Deion Sanders “Could Coach Anywhere In The Country — College Or Professional Level” | Bo Jackson On Coach Prime Leaving Jackson State For Auburn Gig

(Getty Images/Screenshot CL)

Jackson State football has been a mainstay in the public consciousness since 2020 when NFL legend Deion Sanders took over as head coach.

During that time, he’s amassed a 20-5 record, including 7-0 so far this season. For the first time in program history, Jackson State will host ESPN’s “College GameDay” ahead of Saturday’s game against Southern. All of this attention is good, but it might also mean “Coach Prime” isn’t long for coaching at this level. According to Bo Jackson, a fellow two-sport superstar, Prime could coach at the highest levels.

“Deion could coach anywhere in the country — college or professional level— that he wants to,” the former Auburn football standout said to USA TODAY. “It’s just whether or not the organization is ready for Prime. You can look at what he’s done for Jackson State in the short amount of time he’s been there. He has the charisma. He has what it takes because Deion, like myself, we were coached old-school and that’s the way he’s coaching his players. You’re seeing the results.”

The talent disparity at Jackson State versus other SWAC schools likely has more to do with their success than “old school coaching.” But they have better talent because of Prime’s ability to sell himself and a vision. He’s always been good at that.

Jackson was a two-sport star and Heisman Trophy winner at Auburn University, which might be looking for a new head coach after this season. This early “endorsement” of Prime could be crucial if he wants to make the jump from the SWAC to a Power Five school.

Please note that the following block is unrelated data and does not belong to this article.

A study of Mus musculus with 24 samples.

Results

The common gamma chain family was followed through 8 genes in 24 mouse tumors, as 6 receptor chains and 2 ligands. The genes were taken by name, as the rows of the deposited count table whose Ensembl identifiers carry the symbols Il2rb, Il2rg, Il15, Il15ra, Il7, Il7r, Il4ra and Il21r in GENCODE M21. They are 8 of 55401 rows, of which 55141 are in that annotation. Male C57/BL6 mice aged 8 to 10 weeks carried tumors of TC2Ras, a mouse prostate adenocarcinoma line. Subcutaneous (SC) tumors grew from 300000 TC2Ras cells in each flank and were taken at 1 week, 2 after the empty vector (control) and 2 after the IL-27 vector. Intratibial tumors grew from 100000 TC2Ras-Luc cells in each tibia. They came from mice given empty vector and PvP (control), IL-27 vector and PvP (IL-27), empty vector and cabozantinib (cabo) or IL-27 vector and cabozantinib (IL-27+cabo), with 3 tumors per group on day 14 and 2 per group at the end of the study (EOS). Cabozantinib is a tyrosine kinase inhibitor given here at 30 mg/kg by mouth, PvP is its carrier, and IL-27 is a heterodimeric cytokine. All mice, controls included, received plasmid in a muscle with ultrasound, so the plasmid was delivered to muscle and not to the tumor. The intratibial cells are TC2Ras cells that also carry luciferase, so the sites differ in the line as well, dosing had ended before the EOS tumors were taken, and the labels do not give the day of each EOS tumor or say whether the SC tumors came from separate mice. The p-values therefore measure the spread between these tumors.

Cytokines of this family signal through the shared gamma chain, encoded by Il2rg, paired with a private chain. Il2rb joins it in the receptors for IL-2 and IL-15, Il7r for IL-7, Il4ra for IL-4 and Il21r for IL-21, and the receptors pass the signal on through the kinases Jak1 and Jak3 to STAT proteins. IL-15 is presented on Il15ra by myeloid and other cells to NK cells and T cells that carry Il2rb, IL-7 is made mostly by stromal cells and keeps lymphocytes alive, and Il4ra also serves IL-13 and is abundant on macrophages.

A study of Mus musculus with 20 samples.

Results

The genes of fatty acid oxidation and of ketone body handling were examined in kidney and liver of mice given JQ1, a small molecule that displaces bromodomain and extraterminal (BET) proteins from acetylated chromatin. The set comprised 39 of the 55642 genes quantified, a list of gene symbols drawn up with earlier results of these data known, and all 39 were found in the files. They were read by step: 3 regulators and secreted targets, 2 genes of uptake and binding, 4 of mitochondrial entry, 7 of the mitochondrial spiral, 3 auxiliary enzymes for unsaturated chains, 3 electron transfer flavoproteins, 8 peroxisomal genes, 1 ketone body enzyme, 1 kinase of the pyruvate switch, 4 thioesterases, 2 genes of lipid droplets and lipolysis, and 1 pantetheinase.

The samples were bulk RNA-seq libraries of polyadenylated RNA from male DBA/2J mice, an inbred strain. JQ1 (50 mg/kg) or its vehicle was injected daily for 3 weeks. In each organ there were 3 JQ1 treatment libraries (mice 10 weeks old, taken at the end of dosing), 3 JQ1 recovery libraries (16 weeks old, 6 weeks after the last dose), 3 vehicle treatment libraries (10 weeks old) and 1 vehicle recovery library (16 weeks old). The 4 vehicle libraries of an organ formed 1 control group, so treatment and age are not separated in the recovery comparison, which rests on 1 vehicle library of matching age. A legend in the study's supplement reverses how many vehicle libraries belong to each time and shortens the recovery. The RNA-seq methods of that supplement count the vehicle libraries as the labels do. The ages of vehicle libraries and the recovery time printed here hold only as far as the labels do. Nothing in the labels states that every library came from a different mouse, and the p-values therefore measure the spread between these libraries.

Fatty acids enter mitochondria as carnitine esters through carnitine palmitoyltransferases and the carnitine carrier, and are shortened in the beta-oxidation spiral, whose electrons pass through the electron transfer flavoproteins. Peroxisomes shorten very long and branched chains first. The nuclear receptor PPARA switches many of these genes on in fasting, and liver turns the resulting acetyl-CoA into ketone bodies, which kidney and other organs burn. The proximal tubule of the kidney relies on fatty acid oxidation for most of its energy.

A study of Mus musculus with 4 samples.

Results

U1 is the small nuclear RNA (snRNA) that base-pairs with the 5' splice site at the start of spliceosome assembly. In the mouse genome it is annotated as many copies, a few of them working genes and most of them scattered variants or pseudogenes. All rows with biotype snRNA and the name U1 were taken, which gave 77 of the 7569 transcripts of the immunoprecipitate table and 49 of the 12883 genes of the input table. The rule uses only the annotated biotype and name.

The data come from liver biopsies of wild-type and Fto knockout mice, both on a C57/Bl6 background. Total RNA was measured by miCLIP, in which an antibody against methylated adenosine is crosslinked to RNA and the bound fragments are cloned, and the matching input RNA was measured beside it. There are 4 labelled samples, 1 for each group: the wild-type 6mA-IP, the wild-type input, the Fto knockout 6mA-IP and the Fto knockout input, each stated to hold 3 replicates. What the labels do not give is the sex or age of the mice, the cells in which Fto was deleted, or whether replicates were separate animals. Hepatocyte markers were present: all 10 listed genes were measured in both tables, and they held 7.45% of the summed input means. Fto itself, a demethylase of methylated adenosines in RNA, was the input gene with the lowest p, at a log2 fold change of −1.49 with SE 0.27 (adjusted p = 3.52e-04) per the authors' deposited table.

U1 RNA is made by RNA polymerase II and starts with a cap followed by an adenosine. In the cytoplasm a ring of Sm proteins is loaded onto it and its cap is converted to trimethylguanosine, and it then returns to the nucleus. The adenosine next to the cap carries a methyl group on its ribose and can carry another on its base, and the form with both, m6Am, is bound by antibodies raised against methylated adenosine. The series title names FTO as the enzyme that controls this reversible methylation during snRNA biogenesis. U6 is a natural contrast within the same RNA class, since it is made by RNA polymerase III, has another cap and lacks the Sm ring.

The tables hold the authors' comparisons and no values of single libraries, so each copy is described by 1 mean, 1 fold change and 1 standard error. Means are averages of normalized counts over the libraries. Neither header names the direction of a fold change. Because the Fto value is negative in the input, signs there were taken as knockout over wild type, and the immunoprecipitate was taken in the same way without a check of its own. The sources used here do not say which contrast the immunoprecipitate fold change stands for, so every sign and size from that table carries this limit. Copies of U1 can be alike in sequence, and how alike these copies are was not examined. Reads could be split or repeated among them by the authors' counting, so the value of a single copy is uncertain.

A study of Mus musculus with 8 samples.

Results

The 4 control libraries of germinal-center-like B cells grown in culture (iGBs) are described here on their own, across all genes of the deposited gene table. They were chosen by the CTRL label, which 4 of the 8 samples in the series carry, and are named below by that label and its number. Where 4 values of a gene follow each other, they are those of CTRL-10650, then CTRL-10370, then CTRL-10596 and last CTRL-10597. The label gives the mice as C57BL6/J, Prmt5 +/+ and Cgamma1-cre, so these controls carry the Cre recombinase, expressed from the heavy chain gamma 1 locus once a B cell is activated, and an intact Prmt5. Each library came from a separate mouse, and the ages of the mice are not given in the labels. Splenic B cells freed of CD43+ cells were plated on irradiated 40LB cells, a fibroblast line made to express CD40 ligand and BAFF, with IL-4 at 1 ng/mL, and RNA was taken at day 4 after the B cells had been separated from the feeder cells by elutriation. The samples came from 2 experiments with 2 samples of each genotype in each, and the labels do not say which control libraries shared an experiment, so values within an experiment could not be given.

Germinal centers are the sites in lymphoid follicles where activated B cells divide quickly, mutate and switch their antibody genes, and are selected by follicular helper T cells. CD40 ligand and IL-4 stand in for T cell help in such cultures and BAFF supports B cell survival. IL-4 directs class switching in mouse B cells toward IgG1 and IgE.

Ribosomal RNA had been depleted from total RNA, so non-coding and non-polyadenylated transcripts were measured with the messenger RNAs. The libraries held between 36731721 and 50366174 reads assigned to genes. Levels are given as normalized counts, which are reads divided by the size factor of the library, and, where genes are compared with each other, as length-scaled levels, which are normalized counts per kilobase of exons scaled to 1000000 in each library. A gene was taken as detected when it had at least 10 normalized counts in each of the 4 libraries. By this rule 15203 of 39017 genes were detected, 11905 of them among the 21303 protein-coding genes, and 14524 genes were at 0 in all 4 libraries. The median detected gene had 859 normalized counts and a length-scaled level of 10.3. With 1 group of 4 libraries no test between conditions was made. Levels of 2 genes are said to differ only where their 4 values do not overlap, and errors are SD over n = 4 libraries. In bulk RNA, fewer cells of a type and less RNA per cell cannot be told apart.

Regardless of how dedicated Deion is to elevate JSU’s program, the football world is always watching and waiting to see if he shows real interest in the numerous Power Five gigs that he’s been rumored to be a candidate for over the past two seasons.

False Hopes?

Last month, Auburn football fans got excited when flight information provided by a Twitter user showed a flight from Jackson, Mississippi, to Auburn. From that little bit of information, Auburn fans on twitter went crazy, hoping that the flight information had something to do with the highly-coveted Sanders.

When a tweet was sent out ostensibly confirming that Deion was aboard the flight, all heck broke loose, and Auburn fans started suggesting that Sanders was meeting with interim athletics director Rich Mcglynn about replacing head coach Bryan Harsin, who will be exiting at the end of the season.

For now, Prime is focused on Jackson State and continuing their undefeated season with “GameDay” coming into town. Saturday marks only the second time that the ESPN show has been hosted at an HBCU.

“I was excited, really excited,” Sanders said. “But you gotta understand, I expect stuff like this. Why not us? You know lots of people wear that shirt that says: ‘Why not us.’ But they don’t believe what’s on the shirt half the time.
“You better believe it. Don’t just wear it. Believe it. I really think like that. I think, ‘Why haven’t you come yet?’ Thank God, they pulled the trigger. We’re blessed to have them. It’s phenomenal.”

“GameDay” broadcasting from the Jackson State-Southern rivalry, also known locally as the “BoomBox Classic,” s a great opportunity for the SWAC and HBCUs. These schools are woefully underfunded and are critical to the advancement of Black and Brown people. If more eyes are on them and interest increases and dollars follow, it’s a win-win.

“I just hope we, as a city and as a school, understand the magnitude of what’s about to transpire. I hope we do our homework as a city and come out and support ‘College GameDay,’ support what it is and then some,” Sanders continued. “We need to put on for our city for real. Southern needs to be a big part of this as well.”

Prime may want to move on and coach at a higher level, but it would be incredible if he established an infrastructure that would enable Jackson State and the SWAC and HBCUs by extension to thrive when he’s gone.